Farm operations are trudging through their late-summer harvests with the added burden of making sure workers are wearing masks, maintaining physical distance and taking other precautions against the spread of the coronavirus.
Growers told a California panel Tuesday they could use local and state officials’ help in obtaining faster test results, contact tracing and isolating workers who are ill, noting that many farmworkers are housed with their families or other workers and pile into van pools to get to the fields.
“What is worrisome is if there is a spike in infections as harvest is approaching, that’s going to reduce the labor,” said Amelia Ceja, president of Ceja Vineyards in Napa. “Everyone’s being super, super careful … but I fear if infections spike, some grapes might be left on the vine.”
Ceja and others gave a report to the state Board of Food and Agriculture after a summer spike in COVID-19 cases in the San Joaquin Valley drew the attention of state occupational safety regulators. California Attorney General Xavier Becerra began contacting agricultural operations, asking detailed questions about their preparedness protocols.
In response to the uptick in cases, including some at agricultural processors, the state Department of Food and Agriculture began a program using Federal Emergency Management Agency money to pay 75 percent of the cost of hotel rooms to quarantine infected workers, CDFA Secretary Karen Ross said.
The state is working with local officials and charitable organizations to establish a hotline to get information to workers and recruit volunteers to bring meals to isolated workers, she said.
While the program began in the Central Valley, “our goal is to have this so any county can opt in if they choose to do so,” Ross told the board during the online meeting. The program is offered to workers regardless of their immigration status, she said.
“This is no questions asked, for anyone who is positive and has been exposed … and cannot isolate in their current housing situation,” Ross said.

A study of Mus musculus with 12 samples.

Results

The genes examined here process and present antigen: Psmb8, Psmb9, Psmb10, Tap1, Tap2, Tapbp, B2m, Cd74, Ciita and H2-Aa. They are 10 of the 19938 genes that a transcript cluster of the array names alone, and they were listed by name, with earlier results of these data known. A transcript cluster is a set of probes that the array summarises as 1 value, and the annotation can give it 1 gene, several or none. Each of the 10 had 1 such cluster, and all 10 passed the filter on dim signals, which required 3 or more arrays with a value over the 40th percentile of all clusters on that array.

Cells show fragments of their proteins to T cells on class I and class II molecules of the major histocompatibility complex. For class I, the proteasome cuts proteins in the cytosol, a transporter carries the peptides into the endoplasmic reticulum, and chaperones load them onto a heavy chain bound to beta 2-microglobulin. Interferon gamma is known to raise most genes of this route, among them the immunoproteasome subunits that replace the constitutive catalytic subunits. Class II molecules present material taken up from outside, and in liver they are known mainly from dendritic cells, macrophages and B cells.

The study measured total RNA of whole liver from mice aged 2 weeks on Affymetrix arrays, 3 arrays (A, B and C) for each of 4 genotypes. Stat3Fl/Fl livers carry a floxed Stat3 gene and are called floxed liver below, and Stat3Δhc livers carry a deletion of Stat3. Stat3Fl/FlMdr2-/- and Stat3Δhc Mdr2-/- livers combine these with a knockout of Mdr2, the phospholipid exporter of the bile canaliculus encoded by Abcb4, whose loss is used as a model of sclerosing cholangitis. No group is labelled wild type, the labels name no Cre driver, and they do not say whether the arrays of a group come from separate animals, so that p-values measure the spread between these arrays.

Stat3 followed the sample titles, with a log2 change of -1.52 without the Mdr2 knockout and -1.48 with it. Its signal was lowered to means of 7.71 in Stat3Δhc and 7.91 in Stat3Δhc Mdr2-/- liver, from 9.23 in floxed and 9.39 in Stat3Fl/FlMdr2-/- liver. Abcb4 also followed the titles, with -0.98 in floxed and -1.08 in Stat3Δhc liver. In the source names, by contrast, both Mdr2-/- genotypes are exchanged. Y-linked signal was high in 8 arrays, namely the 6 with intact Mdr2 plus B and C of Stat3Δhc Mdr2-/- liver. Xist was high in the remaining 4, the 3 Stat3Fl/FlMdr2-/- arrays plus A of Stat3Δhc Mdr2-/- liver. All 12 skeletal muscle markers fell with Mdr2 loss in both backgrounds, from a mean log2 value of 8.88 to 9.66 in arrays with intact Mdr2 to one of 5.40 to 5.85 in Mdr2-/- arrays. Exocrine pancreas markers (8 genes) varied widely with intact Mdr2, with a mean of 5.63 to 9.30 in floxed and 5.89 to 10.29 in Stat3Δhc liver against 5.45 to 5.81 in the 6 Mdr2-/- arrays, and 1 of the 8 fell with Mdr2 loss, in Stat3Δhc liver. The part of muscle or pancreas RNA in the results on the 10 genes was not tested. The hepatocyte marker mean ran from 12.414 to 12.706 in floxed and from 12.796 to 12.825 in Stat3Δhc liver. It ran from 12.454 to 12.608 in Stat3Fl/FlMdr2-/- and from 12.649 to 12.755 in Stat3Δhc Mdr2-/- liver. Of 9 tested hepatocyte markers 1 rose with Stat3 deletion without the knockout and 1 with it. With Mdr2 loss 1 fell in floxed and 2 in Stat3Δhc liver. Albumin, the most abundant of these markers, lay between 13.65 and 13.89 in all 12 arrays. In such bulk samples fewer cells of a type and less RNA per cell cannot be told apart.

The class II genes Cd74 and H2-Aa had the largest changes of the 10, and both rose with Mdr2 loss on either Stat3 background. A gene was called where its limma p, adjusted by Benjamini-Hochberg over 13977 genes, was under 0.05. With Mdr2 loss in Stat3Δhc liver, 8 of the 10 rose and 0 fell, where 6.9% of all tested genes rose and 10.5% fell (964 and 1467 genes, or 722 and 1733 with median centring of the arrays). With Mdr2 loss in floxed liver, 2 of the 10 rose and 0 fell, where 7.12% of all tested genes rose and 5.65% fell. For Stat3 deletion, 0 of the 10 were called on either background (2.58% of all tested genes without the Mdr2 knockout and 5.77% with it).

Farmworker health is at the forefront of attention as outbreaks have occurred at numerous agricultural facilities across the country. In California, harvests are underway for myriad summer fruit and vegetable crops, including peaches, plums, nectarines, apricots, late navel and Valencia oranges, tomatoes, cucumbers and zucchini.
Alexandra Allen, co-owner of Freshway Farms and Main Street Produce in Santa Maria, said she feels a “huge moral obligation” to care for her 800 peak-season employees. She said COVID-19 has the potential to quickly worsen a labor shortage that has already existed for several years.
“We worry a lot about not having enough labor,” she said. “For us there was never a time that we did not take COVID-19 very, very seriously.”
In March, the two businesses initiated a protocol of disinfecting surfaces, washing hands frequently, physical distancing, requiring face coverings and educating employees about the importance of taking similar measures away from work, Allen said.
A “critical piece” has been to try to get buy-in from employees, as wearing masks in the heat of the outdoors can be unpleasant, she said.
“I have to say I’m really impressed” with workers’ willingness to wear face coverings, Allen said. “There was some push-back early on but that’s over.”
Taking it seriously
At Rominger Brothers Farms in Winters, when a foreman’s wife tested positive while working at another facility, laborers who had been resistant to masks began to take the virus more seriously, fifth-generation farmer Bruce Rominger said.
The farm, which grows processing tomatoes and various other crops, has had to send several people home who weren’t feeling well, including one woman who showed up to work with a 102-degree fever, Rominger said. It has had two tests come back positive for COVID-19, and one of those workers has been out for 2 months, he said.
“Right now we’re in the middle of harvest, and my biggest worry is, are the canneries going to keep operating?” he said. “Tomatoes are a very perishable crop.”
On Fresno County’s west side, about 300 workers are harvesting organic melons for Del Bosque Farms. When COVID-19 arrived, the operation stepped up measures that were already in place for food safety, including hand-washing and sanitizing equipment, owner Joe Del Bosque said.
“We continue to learn about COVID and how to protect ourselves,” he said. “In food safety, the object is to protect the consumer. Now we’re trying to protect our workers from our workers, so it took on a little different perspective. We took on the same practices as everyone else – the face coverings, social distancing, taking temperatures in the morning.
“All of this is very important, but the key to all of this is education,” Del Bosque said. “That’s one thing we pride ourselves in is educating our people. We do a lot of training here on all sorts of issues. This is something we added to our food safety repertoire.”